Could bacon get any tastier?
Pig scientists and breeders say indeed it could, now that the pig genome has been sequenced and a trove of new genetic information is available.
The Swine Genome Sequencing Consortium, an international group of researchers, published their analysis of the genome this week in Nature.
The group spelled out the pattern of DNA on all of the chromosomes of a female domesticated pig. That data is now freely available to anyone — in swine science and beyond.
For thousands of years, humans have been breeding swine, choosing pigs that had favorable traits — such as bigger size or leaner meat — to create a new generation of pigs with those characteristics.
With the full genome, breeders will now be able to pinpoint the specific genes behind those traits. They will take "pigs that have at least one copy of the favorable version [of a gene] and use that pig to breed the next generation," says Jack C.M. Dekkers, a professor of animal breeding and genetics at Iowa State University in Ames. Some researchers may even use the information to do genetic modification of pigs.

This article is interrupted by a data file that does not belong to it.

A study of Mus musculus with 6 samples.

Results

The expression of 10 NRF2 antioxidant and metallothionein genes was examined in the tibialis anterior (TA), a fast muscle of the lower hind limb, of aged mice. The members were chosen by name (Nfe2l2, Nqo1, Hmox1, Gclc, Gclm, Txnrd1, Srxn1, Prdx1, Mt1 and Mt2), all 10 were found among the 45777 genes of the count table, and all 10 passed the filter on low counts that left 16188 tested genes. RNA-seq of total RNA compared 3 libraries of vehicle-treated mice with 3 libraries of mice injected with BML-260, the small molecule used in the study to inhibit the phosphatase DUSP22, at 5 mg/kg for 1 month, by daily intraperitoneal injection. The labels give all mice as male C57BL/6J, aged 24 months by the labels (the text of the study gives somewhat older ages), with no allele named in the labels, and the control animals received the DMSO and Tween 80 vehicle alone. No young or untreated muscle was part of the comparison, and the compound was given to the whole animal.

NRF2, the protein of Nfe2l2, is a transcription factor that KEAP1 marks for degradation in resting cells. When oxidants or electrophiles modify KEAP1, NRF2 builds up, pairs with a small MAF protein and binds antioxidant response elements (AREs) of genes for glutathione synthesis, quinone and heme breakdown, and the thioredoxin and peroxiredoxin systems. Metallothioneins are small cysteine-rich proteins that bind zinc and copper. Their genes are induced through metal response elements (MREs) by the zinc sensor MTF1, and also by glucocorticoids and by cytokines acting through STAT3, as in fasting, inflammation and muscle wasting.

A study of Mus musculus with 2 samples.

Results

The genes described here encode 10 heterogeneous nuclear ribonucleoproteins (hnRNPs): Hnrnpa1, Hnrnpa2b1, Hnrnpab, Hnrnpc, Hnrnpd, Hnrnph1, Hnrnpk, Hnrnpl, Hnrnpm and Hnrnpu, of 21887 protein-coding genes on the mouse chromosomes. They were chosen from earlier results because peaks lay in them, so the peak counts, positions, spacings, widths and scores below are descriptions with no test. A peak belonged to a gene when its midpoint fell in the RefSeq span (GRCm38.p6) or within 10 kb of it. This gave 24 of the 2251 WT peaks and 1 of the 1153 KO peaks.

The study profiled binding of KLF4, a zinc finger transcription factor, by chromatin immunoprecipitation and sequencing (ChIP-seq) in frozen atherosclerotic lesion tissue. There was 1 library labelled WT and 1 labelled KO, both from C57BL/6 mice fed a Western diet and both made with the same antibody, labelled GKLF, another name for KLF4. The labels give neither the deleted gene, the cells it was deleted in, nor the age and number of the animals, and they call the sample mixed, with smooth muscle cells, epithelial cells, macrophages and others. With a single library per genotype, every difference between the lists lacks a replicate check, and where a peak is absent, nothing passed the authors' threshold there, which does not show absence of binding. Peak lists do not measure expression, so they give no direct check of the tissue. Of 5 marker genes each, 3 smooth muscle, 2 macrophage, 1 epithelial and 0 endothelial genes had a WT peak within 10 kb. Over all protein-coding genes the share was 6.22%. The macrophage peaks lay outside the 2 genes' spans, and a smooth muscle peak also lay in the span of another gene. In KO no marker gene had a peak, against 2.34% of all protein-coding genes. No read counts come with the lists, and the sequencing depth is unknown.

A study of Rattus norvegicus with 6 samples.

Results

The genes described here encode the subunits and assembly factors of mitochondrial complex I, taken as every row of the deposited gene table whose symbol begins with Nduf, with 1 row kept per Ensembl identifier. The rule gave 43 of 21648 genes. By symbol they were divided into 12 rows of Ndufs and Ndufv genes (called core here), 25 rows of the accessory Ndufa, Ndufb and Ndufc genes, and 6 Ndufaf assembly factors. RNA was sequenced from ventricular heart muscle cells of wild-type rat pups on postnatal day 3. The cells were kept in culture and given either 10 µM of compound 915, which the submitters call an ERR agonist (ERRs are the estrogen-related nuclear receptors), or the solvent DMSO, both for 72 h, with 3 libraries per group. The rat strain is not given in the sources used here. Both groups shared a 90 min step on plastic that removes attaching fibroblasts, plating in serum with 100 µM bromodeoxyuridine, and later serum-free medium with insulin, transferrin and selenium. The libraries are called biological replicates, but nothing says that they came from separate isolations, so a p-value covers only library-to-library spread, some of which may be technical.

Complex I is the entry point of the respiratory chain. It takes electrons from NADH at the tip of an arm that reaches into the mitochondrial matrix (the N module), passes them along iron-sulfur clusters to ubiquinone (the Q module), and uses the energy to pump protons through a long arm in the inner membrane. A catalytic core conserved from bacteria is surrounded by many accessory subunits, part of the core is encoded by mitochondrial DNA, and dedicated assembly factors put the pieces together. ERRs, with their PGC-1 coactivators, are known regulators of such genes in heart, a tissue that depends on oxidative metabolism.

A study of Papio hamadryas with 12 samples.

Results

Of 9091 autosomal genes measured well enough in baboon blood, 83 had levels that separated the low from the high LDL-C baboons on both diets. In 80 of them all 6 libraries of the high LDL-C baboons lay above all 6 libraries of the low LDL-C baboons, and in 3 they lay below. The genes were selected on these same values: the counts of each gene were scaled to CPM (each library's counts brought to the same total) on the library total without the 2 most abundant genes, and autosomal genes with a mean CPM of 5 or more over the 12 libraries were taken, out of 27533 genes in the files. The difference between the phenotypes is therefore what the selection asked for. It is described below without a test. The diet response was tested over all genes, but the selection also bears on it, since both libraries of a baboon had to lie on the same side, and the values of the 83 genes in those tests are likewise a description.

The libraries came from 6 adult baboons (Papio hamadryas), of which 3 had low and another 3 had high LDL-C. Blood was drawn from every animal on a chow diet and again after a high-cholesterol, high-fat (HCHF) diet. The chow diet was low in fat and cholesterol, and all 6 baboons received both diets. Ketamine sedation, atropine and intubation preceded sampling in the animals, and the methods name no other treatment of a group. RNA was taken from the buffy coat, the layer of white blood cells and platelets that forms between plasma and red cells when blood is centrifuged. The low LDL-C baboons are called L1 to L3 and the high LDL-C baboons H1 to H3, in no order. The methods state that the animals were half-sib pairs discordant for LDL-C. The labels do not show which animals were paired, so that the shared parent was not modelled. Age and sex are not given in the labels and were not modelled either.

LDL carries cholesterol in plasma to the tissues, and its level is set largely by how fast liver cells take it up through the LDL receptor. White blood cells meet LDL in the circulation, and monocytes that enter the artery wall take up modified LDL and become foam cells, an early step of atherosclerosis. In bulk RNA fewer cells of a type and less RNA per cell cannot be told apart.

The animal was a prime candidate for genome sequencing because it is a model for biomedical research and a critically important food source, notes Lawrence Schook, vice president for research at the University of Illinois and a co-author on the study.
Tastier pork could certainly be an outcome of this research, too, Schook and Dekkers say. What makes a pig tasty, however, is subject to debate and cultural preference. In some parts of Asia, Schook notes, breeders value fat content more than American breeders do.
Tenderness and meat color are other targets for breeders hoping to improve the pork on our plates.
The more pressing concern for many pig breeders and producers is healthier pigs.
"A sick pig is not a happy pig," says Dekkers.
Dekkers is part of a group of researchers looking for genes that make pigs less susceptible to the porcine reproductive and respiratory syndrome virus. "It doesn't harm people, but it's devastating to pigs," Dekkers says. The virus causes sows to abort, young piglets to die and infected pigs to grow more slowly.
The disease is a problem worldwide and costs porcine producers $660 million per year in the U.S. alone.
Dekkers' group has already used data from the pig genome project to find some genes that could protect future generations of swine against PRRSV.
Pig producers would also like to find genes that would make swine grow faster and eat less, especially with prices rising for the corn and soybeans that go into pig feed.
"The key," Dekkers says, "is really understanding more about the underlying genes that make a pig a better pig."